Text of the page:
Staff Writer |
A new research published in the journal Environmental Science and Technology found there have been about 5 oil spills each year in the U.S. for every 100 wells that have been hydraulically fractured.


Some or all of that difference may be due to the huge differences in what the states ask oil companies to report.

North Dakota requires operators to report any spill of 42 gallons or more, while Colorado and New Mexico generally don't ask for anything smaller than 210 gallons.

Texas, the nation's top oil and gas producing state, wasn't even included in the study because detailed data was not easily accessible.

The authors did not examine data from Oklahoma because the state had not digitized all of its information.

The authors from several universities as well as the Nature Conservancy and the United States Geological Survey, looked at reports of 6,648 spills of oil, brine, chemicals and other fluids reported in Colorado, New Mexico, North Dakota and Pennsylvania between 2005 and 2014.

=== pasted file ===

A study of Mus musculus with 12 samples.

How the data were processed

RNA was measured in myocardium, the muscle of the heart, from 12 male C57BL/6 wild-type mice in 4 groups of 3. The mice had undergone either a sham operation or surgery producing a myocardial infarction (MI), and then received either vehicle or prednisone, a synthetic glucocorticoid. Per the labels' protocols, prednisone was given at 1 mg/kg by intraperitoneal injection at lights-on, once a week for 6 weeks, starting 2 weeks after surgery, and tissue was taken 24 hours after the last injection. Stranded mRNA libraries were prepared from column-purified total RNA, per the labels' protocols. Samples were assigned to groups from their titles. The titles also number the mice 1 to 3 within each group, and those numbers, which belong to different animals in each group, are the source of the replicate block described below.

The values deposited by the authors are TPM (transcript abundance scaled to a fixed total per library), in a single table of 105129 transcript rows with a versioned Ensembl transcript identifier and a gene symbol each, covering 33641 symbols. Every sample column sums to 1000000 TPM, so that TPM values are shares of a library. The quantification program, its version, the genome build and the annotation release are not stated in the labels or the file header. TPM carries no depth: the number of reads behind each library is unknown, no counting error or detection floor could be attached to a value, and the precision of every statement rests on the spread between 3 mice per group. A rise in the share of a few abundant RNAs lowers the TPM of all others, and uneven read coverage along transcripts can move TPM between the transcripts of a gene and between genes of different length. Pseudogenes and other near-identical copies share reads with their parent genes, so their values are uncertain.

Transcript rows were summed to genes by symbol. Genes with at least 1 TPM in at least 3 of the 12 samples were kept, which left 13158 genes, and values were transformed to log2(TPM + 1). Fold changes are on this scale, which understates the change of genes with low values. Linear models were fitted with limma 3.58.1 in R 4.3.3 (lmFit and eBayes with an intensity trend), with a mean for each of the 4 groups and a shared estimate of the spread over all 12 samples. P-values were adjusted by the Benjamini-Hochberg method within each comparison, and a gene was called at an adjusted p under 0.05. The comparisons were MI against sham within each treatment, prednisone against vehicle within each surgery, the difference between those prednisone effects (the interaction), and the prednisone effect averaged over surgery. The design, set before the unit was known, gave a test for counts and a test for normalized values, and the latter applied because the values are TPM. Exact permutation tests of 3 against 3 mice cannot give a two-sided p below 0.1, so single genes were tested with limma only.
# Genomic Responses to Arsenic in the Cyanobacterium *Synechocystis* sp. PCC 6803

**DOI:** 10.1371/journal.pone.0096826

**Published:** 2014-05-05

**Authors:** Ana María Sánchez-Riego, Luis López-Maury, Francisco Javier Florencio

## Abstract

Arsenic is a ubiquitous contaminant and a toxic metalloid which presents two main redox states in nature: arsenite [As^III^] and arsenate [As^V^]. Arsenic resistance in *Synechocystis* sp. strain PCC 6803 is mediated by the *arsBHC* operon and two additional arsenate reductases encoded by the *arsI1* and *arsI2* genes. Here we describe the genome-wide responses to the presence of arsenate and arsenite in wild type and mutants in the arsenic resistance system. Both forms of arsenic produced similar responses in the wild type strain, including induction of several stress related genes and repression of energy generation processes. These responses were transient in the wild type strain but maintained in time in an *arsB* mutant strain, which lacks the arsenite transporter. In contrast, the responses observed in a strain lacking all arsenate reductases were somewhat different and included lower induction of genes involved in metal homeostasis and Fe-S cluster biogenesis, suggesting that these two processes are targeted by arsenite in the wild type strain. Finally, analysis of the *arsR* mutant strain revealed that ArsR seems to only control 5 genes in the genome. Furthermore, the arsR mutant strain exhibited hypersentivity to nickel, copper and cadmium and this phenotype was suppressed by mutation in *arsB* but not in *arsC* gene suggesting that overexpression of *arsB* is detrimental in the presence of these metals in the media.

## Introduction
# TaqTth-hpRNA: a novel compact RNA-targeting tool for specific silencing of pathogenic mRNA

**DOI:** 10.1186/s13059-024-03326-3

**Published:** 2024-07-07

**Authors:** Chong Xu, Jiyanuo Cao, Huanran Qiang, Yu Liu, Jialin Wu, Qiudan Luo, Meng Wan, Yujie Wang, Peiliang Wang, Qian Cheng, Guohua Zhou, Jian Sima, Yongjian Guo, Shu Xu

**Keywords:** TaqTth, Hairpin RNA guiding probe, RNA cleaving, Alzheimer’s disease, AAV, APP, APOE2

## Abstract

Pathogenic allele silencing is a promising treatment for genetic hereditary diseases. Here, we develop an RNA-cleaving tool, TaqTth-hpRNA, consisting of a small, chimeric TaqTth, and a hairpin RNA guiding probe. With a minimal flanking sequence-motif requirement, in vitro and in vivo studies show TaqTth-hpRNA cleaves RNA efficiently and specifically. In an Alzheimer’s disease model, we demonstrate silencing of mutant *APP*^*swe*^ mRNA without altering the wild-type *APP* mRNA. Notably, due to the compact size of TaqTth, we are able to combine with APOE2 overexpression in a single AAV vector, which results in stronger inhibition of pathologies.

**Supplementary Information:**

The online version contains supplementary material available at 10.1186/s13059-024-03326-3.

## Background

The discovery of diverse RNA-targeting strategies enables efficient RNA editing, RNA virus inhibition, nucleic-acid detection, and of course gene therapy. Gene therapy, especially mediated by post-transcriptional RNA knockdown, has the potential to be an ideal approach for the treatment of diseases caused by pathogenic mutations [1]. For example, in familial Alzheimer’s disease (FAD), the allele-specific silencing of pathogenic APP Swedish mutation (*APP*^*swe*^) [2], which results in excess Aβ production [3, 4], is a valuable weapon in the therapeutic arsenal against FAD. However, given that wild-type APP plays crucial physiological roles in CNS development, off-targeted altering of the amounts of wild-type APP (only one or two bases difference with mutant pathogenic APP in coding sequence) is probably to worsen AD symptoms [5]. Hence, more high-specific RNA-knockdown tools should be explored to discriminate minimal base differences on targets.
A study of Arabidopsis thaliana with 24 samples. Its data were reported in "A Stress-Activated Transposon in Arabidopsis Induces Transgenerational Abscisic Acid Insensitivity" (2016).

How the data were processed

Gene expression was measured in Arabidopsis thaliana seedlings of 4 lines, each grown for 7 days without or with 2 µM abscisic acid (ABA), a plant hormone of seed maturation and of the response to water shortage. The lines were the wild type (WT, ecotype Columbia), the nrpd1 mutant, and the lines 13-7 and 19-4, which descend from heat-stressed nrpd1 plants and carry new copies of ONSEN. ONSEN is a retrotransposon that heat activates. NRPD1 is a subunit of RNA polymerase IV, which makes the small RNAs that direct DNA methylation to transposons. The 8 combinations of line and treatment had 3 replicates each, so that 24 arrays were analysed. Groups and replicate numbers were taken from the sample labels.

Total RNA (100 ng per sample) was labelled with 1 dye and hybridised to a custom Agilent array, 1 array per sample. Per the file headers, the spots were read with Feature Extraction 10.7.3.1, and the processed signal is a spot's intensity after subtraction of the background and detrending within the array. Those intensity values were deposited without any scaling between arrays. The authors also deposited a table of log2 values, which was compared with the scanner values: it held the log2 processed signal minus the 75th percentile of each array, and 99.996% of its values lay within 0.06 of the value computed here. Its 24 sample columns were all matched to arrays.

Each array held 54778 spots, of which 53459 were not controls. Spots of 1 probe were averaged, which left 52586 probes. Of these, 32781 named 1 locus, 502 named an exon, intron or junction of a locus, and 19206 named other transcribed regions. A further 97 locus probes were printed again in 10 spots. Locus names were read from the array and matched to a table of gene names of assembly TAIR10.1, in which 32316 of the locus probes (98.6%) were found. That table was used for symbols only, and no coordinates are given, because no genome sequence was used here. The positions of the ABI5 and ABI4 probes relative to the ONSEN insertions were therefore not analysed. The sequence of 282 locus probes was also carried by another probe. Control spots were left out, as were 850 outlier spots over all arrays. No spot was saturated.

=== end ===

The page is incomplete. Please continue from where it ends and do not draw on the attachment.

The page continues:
Some states require verbal reports within 24 hours but give companies days to submit paperwork with specific information. Until late last year, Pennsylvania did not ask for written reports at all and companies reported the volume of spills less than a third of the time.

The authors tried to look at all major oil and gas producing states, but chose four with the most complete publicly available data that also allowed them to distinguish between conventional and fracked wells.

Spills have presented a persistent problem for North Dakota, with thousands of releases of oil, chemicals and saltwater causing lasting damage in the state's oil patch.

Releases of brine—which occurs naturally deep underground and contains heavy metals, radioactive materials and extremely high levels of salts—are particularly damaging.

Such leaks have spoiled patches of farmland for years or even decades.